If you work in marketing for a large company, do not get distracted into micro-managing social media.
I’m going to start by discussing marketing and sales. It can be a little difficult to distinguish the two. Definitions vary, but I like to take an analogy from fishing, marketing is getting fishes to nibble at the bait and sales is coaxing/fighting them to the bank.
However a more useful difference is that marketing usually scales, becoming more efficient for larger companies, but sales often doesn’t.
- Traditional marketing activities are things like market research, public relations, and advertising. It doesn’t really cost any more to send out a press release, or create an advert, for a large company than a small one.
- Traditional sales activities are done by sales people, in a pub or over a phone, talking 1:1 with prospects who will eventually become customers. It’s very labor-intensive for a small company and even worse for a large company, because of increased structural overheads.
Traditional digital marketing fits with this distinction. It scales too, because creating and booking search adverts is pretty similar to advertising in any other channel, and sending out emails is pretty similar to direct mail.
This is important for large companies. The fact that marketing scales helps businesses to grow, because the overheads added by layers of management are compensated for by more efficient marketing.
But what about social marketing?
- Some aspects of this this can scale, for example you can treat a Facebook page or a Twitter feed as broadcast channels, like the celebs do.
- But a lot doesn’t scale. As soon as you try to engage more deeply, this becomes more like traditional selling than marketing - talking 1:1 or in small groups with customers and potential customers. Responding to individual critics; re-following friendly accounts; answering single questions; deleting inappropriate comments. Unlike the rest of digital marketing, this is hugely labor-intensive and does not scale.
EConsultancy just reported on a survey; reporting the conventional wisdom that retailers are failing to “get” social, because they don’t engage deeply…
The UK’s top 25 retailers have plenty of room for improvement in their social media and customer service strategies, with just 25% of those with a Twitter presence responding to customer questions through this channel.
This is one of the findings of the Auros Are you serious about social? study, which looks at how the top 25 UK retailers responded to queries on Twitter, Facebook, YouTube and blogs…
The 25 companies followed in the report had an average of 69,000 followers, which shows that there is a decent level of customer interest.
These results suggest that, though retailers are keen on a Twitter presence, they are yet to learn what users expect from them via this channel. That said, it should be very basic common sense (and good manners) to reply to a question posed directly at them.
- Despite the researchers actively engaging with the brand and asking questions, none of the retailers followed them back. This means customers can’t get in touch to provide details to help get their problem sorted out, or to move the discussion to another channel.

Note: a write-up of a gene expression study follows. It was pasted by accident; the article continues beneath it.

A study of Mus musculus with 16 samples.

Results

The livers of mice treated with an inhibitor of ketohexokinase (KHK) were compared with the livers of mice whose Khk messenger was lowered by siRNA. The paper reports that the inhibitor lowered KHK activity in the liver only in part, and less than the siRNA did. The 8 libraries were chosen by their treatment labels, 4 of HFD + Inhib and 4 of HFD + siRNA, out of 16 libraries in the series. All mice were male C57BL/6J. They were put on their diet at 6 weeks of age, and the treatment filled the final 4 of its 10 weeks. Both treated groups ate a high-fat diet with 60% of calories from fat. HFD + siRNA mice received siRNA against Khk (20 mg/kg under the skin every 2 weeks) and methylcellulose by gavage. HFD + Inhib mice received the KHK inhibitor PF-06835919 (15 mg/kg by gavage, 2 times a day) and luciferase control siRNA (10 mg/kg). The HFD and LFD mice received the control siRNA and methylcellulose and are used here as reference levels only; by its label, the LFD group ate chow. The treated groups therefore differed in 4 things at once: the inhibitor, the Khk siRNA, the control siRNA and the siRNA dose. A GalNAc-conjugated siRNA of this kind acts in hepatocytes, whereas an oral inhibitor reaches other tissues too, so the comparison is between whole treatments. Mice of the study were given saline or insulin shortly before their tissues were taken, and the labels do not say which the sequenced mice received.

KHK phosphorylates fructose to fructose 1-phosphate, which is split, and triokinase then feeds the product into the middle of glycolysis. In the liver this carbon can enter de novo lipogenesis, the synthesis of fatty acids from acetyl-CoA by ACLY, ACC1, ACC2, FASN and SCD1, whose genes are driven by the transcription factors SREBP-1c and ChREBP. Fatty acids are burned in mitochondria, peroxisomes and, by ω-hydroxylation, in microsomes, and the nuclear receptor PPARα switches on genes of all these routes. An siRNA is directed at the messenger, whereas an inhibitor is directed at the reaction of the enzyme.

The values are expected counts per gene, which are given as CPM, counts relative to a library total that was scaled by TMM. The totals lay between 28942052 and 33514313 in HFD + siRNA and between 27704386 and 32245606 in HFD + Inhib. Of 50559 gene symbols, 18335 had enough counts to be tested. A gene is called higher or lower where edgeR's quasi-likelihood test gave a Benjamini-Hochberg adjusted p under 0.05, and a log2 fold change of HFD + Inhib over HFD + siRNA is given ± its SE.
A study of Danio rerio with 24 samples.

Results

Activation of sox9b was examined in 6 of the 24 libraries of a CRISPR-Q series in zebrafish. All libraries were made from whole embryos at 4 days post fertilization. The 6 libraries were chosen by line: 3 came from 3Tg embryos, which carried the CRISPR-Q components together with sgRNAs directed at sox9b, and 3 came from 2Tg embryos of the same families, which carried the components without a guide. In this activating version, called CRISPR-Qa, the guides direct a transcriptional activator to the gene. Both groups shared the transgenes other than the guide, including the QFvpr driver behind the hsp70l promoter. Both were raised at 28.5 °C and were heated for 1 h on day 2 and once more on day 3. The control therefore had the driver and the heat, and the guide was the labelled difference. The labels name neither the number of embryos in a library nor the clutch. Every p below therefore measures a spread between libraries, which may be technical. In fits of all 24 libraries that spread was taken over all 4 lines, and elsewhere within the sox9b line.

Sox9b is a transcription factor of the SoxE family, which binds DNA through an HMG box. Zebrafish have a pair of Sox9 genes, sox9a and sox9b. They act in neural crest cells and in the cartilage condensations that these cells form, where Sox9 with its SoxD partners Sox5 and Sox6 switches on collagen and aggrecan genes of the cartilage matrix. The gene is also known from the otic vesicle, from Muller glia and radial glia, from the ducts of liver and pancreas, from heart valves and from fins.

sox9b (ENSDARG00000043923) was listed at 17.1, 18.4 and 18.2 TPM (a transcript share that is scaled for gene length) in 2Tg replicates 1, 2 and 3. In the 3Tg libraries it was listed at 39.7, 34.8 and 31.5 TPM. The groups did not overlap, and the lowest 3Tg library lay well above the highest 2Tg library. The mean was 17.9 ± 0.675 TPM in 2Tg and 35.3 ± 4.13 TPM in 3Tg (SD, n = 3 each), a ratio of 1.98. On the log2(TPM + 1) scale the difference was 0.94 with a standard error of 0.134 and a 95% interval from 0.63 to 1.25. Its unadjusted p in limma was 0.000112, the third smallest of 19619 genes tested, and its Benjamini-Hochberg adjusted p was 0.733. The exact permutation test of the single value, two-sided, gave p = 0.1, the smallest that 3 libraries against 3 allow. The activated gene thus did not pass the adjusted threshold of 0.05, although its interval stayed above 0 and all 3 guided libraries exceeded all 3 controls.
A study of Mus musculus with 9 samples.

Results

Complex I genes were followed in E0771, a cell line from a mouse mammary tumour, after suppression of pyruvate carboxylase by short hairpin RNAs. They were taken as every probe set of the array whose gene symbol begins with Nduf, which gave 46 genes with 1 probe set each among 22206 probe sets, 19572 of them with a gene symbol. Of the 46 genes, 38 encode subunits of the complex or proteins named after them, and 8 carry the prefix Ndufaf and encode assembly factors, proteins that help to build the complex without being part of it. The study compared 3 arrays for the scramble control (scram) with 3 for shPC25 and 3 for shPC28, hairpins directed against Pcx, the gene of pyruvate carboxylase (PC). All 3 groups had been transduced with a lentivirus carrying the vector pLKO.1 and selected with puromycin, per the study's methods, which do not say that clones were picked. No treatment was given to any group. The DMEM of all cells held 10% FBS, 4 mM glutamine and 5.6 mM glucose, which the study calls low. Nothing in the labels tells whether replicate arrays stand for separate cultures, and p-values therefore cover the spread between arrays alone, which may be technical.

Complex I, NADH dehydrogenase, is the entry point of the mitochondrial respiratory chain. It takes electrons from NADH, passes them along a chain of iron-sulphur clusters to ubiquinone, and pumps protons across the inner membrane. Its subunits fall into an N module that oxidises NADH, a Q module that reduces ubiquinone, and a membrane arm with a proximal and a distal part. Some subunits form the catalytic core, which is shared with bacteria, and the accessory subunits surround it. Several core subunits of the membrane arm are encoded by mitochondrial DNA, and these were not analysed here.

- Only 25% of retailers with a Twitter account responded to a question directed at them.
- While 20% responded to negative comments which had been directed at them, compared with 10% that replied to positive ones.
- For those that replied the average response time was 94 minutes, which isn’t bad. By comparison email response times were 10 hours on average, which says a lot about the quality of email service.
Whether the question is positive or negative, this represents a missed opportunity to engage with customers
I have been thinking about this, and eventually decided (to my surprise) that I disagree. Retailers are better at using Social Media than the experts!
This is because doing “Social Marketing” in the way proposed by a lot of experts is expensive and does not scale. It is fine for small companies to engage individual clients, because they are doing small-scale marketing anyway and so their opportunity costs are low. Big companies must do the same when faced by a PR crisis. But it is wrong for them to do so at other times, because the marketers doing the engaging could be working more productively on large-scale marketing instead. So the opportunity costs are too high.
Update: The survey sponsor confirms my negative conclusion:
“It is clear that retailers see the benefit of being active on social networks,” said Dominic Mills, Managing Director, Auros. “But too many are simply ignoring the fact that you have to be social and engage with users on these channels. Whilst brands need to monitor what is being said about them, they need to be confident about responding. Companies that use these social channels to get closer to their customers and prospects will increase brand advocacy and generate more bottom line revenue.”
See how he ignores the opportunity cost of marketers doing this instead of conventional digital marketing? If this survey showed that switching marketers from mass marketing to social marketing was effective, you can be sure he would have said so, and that’s the point.
To repeat my sentence from the top - if you work in marketing for a large company, do not get distracted into micro-managing social media.